Wednesday, September 12, 2018

Elton and Me




So what was up with you last night? Me? Oh, thanks for asking. Nothing much, I was just at Elton John’s second stop of his farewell tour. Seriously, though, it was an amazing event, held at an arena filled with 20,000 delighted fans. Much as I love his music, I had never seen him live, and knew this was my last chance to do so. My “date” was Sheridan, who treated to the tickets.

During the concert, the Great One thanked the audience for his nearly 50 year (!) career. He first performed here at the Electric Factory in 1970. I was 13 at the time, and unaware of either Elton John or, really, Philadelphia. But after I got to high school, I became a fan, and last evening’s 24 song performance included most of his greatest hits, many from the era that evokes some of my strongest musical memories (the 70’s and 80’s). I can picture my angst-y teenage self in Atlanta, lying on my bed, listening to “Someone Saved My Life Tonight,” and “Tiny Dancer” and “Rocket Man” and “Take Me to the Pilot” all of which he sang (and played the heck out of on piano) yesterday. He also sang some more recent numbers, but it was the oldies that the crowd came to hear, and we were not disappointed.

Sir Elton looked just the way you’d imagine-shaggy hair, crazy jacket, huge glasses. The special effects were astounding (when he played “Burn Down the Mission,” it actually seemed as if his piano was in flames). He played for almost three solid hours with no break of any kind, and it was clear he adores being onstage. This “Farewell Yellow Brick Road” tour is final because he has a husband and two small sons now, and wants to spend as much time with them as possible.

I have a couple of odd connections to Elton John: he lives part of the time in an Atlanta apartment building, where he owns two floors. That happens to be where my dear friends Molly and Jeff live (when I visited, Molly and I took the elevator to one of his floors to see the hallways filled with artwork—EJ was out of town, sadly). And years ago, when sister C was manager of the men’s department at Neiman Marcus, Elton would come in and clothes shop often. By all reports, he is a very nice guy, and uses his fame for good (His AIDS Foundation has raised over $400 million dollars to date).


We can’t all be superstars, of course. But we can be the stars of our lives, doing the things we love, sharing our talents (and we all have them), making a difference. So, from now on, I will try to take a page from Elton John’s book. Not taking up songwriting, not wearing ridiculous getups. But putting a little more pizzazz and sparkle into my days, and giving every minute I am here on earth, my very best.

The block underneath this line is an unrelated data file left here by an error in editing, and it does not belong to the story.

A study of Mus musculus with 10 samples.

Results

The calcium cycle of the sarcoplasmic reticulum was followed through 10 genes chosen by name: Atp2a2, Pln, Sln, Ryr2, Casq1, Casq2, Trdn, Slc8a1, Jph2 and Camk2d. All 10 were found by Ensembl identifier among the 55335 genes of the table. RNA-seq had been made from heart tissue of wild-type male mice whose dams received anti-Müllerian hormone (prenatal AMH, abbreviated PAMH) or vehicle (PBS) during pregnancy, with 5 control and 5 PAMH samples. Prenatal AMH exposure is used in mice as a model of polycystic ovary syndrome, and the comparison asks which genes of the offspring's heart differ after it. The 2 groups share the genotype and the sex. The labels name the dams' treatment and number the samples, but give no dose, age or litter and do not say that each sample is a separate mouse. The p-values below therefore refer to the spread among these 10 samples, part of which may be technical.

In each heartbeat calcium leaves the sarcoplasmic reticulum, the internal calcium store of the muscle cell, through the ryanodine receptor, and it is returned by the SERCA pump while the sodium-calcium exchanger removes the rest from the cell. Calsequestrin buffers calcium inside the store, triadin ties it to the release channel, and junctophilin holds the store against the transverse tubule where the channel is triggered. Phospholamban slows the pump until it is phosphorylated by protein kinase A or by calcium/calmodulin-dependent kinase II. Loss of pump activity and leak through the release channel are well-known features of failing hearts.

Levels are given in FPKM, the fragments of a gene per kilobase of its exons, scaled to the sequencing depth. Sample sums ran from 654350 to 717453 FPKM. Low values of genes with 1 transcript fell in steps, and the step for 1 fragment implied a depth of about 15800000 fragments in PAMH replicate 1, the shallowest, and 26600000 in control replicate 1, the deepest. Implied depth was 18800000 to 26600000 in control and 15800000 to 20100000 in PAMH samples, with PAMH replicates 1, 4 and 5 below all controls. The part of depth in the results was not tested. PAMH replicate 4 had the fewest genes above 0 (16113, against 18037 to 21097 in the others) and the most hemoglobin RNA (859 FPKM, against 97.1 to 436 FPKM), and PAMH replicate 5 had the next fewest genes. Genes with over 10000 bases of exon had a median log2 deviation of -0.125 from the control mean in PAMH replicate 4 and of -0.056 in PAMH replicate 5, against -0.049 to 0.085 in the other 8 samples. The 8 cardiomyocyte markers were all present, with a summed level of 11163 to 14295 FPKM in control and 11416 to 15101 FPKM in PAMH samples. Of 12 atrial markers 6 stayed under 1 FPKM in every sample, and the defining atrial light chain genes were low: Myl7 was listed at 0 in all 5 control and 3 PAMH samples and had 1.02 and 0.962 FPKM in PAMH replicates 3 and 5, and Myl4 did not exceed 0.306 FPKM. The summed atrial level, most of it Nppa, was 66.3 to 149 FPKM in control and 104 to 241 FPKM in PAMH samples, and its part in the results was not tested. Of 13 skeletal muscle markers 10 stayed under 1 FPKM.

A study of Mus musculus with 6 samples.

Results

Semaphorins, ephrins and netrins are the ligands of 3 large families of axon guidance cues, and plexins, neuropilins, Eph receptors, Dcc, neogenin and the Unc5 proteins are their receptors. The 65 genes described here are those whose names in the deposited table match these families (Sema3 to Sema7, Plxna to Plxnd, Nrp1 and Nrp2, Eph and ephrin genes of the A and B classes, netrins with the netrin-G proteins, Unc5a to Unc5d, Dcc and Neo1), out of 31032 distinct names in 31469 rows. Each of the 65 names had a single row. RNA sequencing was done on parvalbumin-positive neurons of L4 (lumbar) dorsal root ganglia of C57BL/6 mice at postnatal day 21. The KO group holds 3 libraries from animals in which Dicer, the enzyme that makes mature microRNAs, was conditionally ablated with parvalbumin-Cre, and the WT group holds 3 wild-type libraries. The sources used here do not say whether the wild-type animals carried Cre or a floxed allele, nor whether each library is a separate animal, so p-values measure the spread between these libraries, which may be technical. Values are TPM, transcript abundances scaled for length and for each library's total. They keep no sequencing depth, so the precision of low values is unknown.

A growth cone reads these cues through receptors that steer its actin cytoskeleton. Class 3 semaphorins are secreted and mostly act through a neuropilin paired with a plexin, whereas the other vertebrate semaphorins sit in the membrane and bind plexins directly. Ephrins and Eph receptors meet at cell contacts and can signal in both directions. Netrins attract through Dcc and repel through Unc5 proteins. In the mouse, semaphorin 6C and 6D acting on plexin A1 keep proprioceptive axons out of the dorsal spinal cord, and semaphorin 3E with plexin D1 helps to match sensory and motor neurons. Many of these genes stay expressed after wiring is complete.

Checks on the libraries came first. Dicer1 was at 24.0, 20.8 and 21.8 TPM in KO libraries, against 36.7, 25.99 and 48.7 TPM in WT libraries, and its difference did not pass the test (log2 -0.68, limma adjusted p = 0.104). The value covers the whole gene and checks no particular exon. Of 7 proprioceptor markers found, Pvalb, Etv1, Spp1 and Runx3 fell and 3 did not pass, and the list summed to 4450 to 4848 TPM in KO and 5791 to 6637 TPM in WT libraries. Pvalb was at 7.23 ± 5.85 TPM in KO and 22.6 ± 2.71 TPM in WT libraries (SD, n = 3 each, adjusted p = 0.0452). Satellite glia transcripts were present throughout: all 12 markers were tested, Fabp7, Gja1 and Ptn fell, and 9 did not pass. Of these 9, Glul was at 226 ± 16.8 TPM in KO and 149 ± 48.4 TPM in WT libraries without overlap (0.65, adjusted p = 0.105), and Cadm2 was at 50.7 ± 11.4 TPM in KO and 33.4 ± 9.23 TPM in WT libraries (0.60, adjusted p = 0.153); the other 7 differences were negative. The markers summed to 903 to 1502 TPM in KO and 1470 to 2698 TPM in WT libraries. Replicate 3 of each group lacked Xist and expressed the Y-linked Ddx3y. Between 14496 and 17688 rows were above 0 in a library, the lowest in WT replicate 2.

The Star of the Show












Saturday, September 8, 2018

Joint-ly



As Snow White (with Steve on HIS knees as the Dwarf) long, long ago--lots of bouncing around in that one!

Doesn’t it seem as if people’s body parts are wearing out faster these days? I’d noticed my appliances and computers were going on the fritz at a more rapid rate. Now, though, it’s hips, even more than televisions, that are being swapped out for newer models. One of my dear friends (who’s in her 90’s), got a new hip last spring, and she is now pain-free and back to her former, amazing level of activity. But I also have a dear friend very near my age who faces the same surgery next month, which is awfully young to me. Some of my still-middle-aged buds are on their second round of replacements! What the heck is going on?

Even as I note the defective hip sockets all around me, I mark the number of bum knees going under the knife as well. My hips, while perhaps a bit wider than I would like, are still fully functional. I wish I could say the same about my knees.

As a Catholic child, I spent an inordinate amount of time kneeling in church, from the initial genuflection as I entered the pew, to the many times during the service when the only appropriate place to be was perched on the kneelers. I do not recall ever being bothered by this.

During the past few years, however, this aging Lutheran lady has come to dread the Prayers of Intercession, when we are invited to “kneel as we are able” for the lengthy litany of petitions. Sure, sending communal prayers for the world Heavenward is a vital part of the worship experience. But recently, my knees have begun to ache during the first “Lord, hear our prayer.” By the time we are praying for our rivers and forests, I can only concentrate on my increasing pain. When we are invited to utter personal prayers, silently or aloud, I just want to say, “Owwww!!!!” As a cruel joke, the prayers are immediately followed by a speedy spring-up and segue into the Passing of the Peace, moving rapidly all over the church hugging and shaking hands. In anticipation, I’ve started easing back into a quasi-sitting position on my seat around Prayer #5, so that I can stand up smoothly when the moment arrives.

"Lord, hear my prayer"...for knees that don't hurt!

And it’s not just Sunday mornings. I can no longer kneel comfortably while playing with Aiden and Peter. Clearly, I should consult a doctor about this. Knowing me, I will not. Surgery, for any reason, has zero appeal to me. I braved the agony of a torn rotator cuff for months because I refused to consent to an operation. I imagine I will continue to hobble around until I collapse, clinging to my original joints for dear life.

I’m perfectly willing to consider a replacement when, like my friend Hy, I am 93. Until then, I will count on the body parts I was born with, however unreliable they are. And if it means becoming Quaker (they sit throughout their meetings), so be it!